Vince Winkel
Horse-drawn carriages have new rules, after the city council passed new regulations.

The Wilmington City Council has passed new regulations for horse-drawn carriages and their owners. By a unanimous vote last night, the council approved new rules on where tours can go, the health of the horses, and who can operate the tours.  PETA, meanwhile, is opposed to the use of horses for such businesses.

The new regulations mean that carriages must remain below Eighth Street in the downtown area, and that no horses can be in operation when it is 95 degrees or hotter.

(Scroll down for a statement from PETA)

It also states that local medallion holders must operate at least three times a week, and carriage companies must install safety equipment on the carriages and train operators.

City Council member Paul Lawler.

“The ordinance sets a good safety standard. It sets standards for protecting the public, standards for protecting the horses, and gives us a clear path forward for anybody who wants to enter that business.”

In addition, there is a new policy for medallions. Specifically the use of temporary medallions. This allows out-of-town carriages to come in and do special events in Wilmington.

The new regulations offer six single-day temporary operating medallions a month.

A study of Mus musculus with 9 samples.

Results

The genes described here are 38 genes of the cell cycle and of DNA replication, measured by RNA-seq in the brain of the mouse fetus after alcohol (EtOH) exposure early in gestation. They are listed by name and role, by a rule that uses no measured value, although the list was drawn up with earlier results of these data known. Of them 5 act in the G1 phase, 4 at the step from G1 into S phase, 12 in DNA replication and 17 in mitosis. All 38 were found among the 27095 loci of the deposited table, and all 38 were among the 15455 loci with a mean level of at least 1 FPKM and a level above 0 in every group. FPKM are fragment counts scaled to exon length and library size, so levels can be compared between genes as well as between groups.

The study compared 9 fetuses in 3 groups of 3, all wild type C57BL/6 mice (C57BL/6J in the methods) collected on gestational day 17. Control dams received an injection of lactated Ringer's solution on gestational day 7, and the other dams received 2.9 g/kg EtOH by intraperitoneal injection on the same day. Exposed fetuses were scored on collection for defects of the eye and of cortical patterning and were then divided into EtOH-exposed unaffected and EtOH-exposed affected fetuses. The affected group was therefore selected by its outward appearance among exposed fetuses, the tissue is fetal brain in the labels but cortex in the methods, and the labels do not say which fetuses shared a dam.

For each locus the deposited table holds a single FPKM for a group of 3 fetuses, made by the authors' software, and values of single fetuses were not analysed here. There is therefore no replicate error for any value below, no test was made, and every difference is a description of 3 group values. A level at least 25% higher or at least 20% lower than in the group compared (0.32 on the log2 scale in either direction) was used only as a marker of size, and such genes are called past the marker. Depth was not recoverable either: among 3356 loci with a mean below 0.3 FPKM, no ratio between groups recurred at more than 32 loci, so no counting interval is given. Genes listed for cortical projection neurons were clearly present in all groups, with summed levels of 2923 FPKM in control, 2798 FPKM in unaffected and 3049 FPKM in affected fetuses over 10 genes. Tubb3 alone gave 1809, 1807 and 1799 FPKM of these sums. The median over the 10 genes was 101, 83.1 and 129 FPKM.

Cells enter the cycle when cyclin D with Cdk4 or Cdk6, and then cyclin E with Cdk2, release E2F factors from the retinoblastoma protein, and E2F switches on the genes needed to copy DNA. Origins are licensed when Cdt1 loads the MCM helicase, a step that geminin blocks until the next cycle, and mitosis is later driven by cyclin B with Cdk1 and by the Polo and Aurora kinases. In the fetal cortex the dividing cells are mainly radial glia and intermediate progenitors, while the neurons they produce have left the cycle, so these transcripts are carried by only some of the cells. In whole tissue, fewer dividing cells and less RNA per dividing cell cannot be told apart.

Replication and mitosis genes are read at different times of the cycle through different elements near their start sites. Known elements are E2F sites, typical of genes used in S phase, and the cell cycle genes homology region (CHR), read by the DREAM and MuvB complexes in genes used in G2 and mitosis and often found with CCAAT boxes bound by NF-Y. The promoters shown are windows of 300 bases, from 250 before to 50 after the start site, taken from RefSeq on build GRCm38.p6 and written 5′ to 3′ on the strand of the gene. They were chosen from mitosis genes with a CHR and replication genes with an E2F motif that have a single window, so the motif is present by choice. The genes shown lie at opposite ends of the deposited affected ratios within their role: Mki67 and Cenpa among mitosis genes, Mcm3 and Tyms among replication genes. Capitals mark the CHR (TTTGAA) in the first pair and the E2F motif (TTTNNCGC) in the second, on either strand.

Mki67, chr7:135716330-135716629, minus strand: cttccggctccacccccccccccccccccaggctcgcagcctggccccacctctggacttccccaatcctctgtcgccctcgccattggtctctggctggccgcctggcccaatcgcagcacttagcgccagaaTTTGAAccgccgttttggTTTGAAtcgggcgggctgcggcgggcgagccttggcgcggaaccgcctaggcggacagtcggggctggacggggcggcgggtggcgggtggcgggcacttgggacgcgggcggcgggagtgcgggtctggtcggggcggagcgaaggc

After the City Council decision, People for the Ethical Treatment of Animals (PETA) released a statement regarding Wilmington City's New Horse-Drawn Carriage Rules

Below is a statement from PETA Executive Vice President Tracy Reiman in response to the Wilmington City Council's new horse-drawn carriage regulations, which are reportedly modeled off those in Charleston, South Carolina:

“The standards put in place are the bare minimum required to prevent the most common and egregious forms of suffering endured by horses used for carriage rides, but forcing these animals to pull tourists in carriages through chaotic city streets is inherently dangerous and cruel. Numerous recent incidents in Charleston, South Carolina—which has similar minimum standards—including one in which a horse took off running over a curb and crashed into a parked car, prove that the only true way to protect these skittish animals is with an outright ban on these archaic tourist traps.”

PETA's motto reads, in part, that "animals are not ours to use for entertainment." For more information, please visit PETA.org.